Saturday, January 4, 2014 | 12:56 a.m. CST; updated 9:28 p.m. CST, Saturday, January 4, 2014
Missouri head coach Gary Pinkel and players, including offensive linesman Robert Luce and defensive lineman Michael Sam, prepare to take the field Friday for the Cotton Bowl against Oklahoma State in Arlington, Texas.

ARLINGTON, Texas — Gary Pinkel stands arms crossed, brow furrowed with only a few minutes remaining on the clock. In a flash, everything changes. He's skipping down the sideline, his fellow coaches and players running beside him. 

Not five minutes later, he's standing in a crowd of his players, cameras flashing from every side and a "Cotton Bowl Champs" hat resting on top of his head. He's soaked in Gatorade with confetti sticking to his black sweater vest. 

A touchdown from Henry Josey and a sack from Michael Sam were the plays that sealed Pinkel's 102nd win as coach at Missouri, a 41-31 win over Oklahoma State in the Cotton Bowl. He had passed Don Faurot for No. 1 on the school's all-time wins list with his second Cotton Bowl victory and achieved the second 12-win season of his career. 

He's making his way off the field, hugging his players with tears in his eyes. His voice is hoarse from a grueling week. Fans shout from the stands as he walks through the tunnel and toward the locker room.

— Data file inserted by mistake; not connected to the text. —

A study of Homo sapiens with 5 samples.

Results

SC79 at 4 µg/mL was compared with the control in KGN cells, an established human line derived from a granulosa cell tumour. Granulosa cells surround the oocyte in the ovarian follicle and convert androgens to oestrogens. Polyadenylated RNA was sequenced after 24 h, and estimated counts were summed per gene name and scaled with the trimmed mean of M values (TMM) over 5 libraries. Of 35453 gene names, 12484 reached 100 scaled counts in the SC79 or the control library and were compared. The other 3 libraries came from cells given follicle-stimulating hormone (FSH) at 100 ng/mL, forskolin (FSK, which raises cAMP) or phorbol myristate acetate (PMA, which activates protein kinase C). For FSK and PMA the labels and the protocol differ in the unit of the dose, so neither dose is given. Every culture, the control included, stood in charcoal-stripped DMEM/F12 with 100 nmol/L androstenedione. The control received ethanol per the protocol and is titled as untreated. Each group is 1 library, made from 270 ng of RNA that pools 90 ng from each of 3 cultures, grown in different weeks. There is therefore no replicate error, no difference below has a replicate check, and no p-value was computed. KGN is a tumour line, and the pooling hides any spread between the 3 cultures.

"We love you, Gary!"

From 5-7 in 2012 and no bowl game to 12-2, a Southeastern Conference East Division Championship and a win in the Cotton Bowl, Pinkel went from a man under heavy scrutiny to a coach overcome with joy and showered with love (and Gatorade).

"All the drama you don't want, as a coach in the fourth quarter, we had," Pinkel said.

From another game-winning touchdown from Josey — who scored three touchdowns in the game and was named most outstanding offensive player — to the final stand from his defense and the celebration afterward, Pinkel had plenty of tension on the sideline. But it turned to the most unfiltered display of joy he had shown in years. 

"When you get that Gatorade poured on your head, that shocked my system," Pinkel said. "It's always great when it happens.

"This isn't about me," he continued. "This is about a championship. You know how hard championships are."

In a week where Oklahoma knocked off Alabama in the Sugar Bowl to give the Big 12 bragging rights on the SEC, Missouri was the team to take back the bragging rights from its old conference for its new conference.

"Before the game, (Oklahoma State cornerback) Justin Gilbert said the Big 12 was better than the SEC," senior wide receiver L'Damian Washington said. "I'm just glad my teammates backed me up. Mizzou is here. Mizzou knows what they're doing." 

A game that took more than four hours to complete was everything the Cotton Bowl hoped it would be. Cowboys Stadium was a fitting setting for a dramatic, back-and-forth contest filled with milestone performances from likely heroes and a happy ending for a coach who desperately needed one. 

"I hope the Cotton Bowl liked that game," Pinkel said.